Brock Lewin Cost Rica - Badger & Dodo

Whilst our trip to Centra America was really based around meting the farmers and Nadine in Guatemala we couldn’t resist a stop off in Costa Rica, as we had heard a lot about alternative processing, most notably anaerobic fermentation. This is where coffee is in either cherry or parchment form and left to ferment in holding tanks to deprive it of oxygen and play around with the fermentation process. As you will find when you read on, this trip was amazing in the sense that there are so many variables to be played with that alter the outcome.  

We met up with old family Costa Rican friends of Brock’s, staying with the parents who were in there late 80’s in a town called Palmares. Costa Ricans are warm and wonderful people and whilst Brock hadn’t caught up with them for some 20yrs they still considered him as family, cooking some wonderful meals for him and Pa – it was indeed a very local and unique time in Costa Rica. Their son, Willie, knew that Brock was well into coffee and he kindly dedicated 2 days to taking us around to a few local mills.

Café du Altura and Esteban Villabos Corrales

Only a short morning fight from Guatemala we went straight off to a dry mill called Café de Altura. This was a big scale production with work being done for the likes of Nespresso and Starbucks. However, out the back is where the real magic happened. As it so happened, our friend Wille had brought us to the man who started Anaerobic processing, Esteban Villabos Corrales. The realisation set in as Esteban told us how in 2013 he started playing around with the process. He said that he wasn’t getting any recognition for the work as coffee was coffee back then and the notes and flavours he was producing were very radical … let’s face it, they are still too radical for most consumers today even. So, he decided to put some samples into the Cup of Excellence competition, and it was only through blind cupping without reference to the processing method did he get honest evaluation and recognition for his work.

Here, out the back of the large dry mill at Café de Altura were many different experimental lots, some open on dried beds, some under cover in poly tunnels, some in full cherry and some sitting in honied form with lovely we sappy mucilage sticking all over them. It was absolute heaven …. Our eyes simply could not believe what we were seeing. Back inside we went cupping and tasted a range of amazing coffees, from washed, dried, honied and a few anaerobic. One coffee in particular blew us off the table – An anaerobic Bourbon varietal called El Diamonte which cupped like a cinnamon apple strudel. So we bought 3kg of this there and then which Brock brought back in in backpack. We will release this coffee in the second half of 2024 in 105g tins as part of our new 3Kg project.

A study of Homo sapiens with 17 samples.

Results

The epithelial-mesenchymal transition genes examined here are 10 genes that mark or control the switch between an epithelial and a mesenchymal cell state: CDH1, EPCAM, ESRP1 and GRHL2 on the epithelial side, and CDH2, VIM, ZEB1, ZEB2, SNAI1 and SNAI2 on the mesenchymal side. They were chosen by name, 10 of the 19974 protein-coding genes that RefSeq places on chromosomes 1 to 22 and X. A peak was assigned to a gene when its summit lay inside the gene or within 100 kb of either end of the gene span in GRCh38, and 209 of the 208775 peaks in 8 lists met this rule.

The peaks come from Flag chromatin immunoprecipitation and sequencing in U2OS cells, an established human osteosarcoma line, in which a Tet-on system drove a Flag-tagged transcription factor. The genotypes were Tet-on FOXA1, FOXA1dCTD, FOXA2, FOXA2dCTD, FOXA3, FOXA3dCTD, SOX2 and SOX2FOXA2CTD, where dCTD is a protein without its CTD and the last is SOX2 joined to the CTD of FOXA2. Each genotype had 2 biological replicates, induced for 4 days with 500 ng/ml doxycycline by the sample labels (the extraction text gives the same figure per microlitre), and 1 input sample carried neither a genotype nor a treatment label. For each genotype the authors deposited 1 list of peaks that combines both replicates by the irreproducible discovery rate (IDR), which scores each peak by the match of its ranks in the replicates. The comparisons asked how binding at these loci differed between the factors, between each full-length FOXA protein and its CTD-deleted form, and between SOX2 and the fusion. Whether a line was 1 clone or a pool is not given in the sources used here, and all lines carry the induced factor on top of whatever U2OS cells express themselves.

Volcan Azul & Alejo Castro Kahle


  • Method of oxygen deprivation. This can be via way of leaving them in water within the sealed tank, or just leaving them in a tank and not in water. We have since seen people using Orange Juice. Another option was to create a vacuum and remove any oxygen in the tank what so ever, whilst another method is to pump the tank with oxygen and to put it under pressure
  • Alejo was currently experimenting with using different varietals, and finding that some were receiving anaerobic fermentation better than others.
  • Shade, Full or part sun
  • Steel or plastic tanks
  • Then he talked about infusions, and gave an example of collecting local herbs and including them in the tank. This could also be compared to the coffee we are about to release by Colombian Jairo Arcila which is Dry Anaerobic infused with Lulo Fruit & Wine Yeast. The El Diamonte we bought from Esteban was fermented in stainless steel tanks with extra mucilage from other coffees.
  • Agitation
  • Length of fermentation is a very obvious variable, but usually around 24 to 72 hours.
  • Finally the method of then drying the cherries or parchment.

Whilst we only got to spend a few hours here our knowledge of anaerobic fermentation blossomed and we definitely hope to deal directly with him and Esteban at Café de Altura in the future.

CoOp Nanajo


All in all, Costa Rica completely blew our mind. We both said we could live there and just, well, drink coffee for the rest of our lives!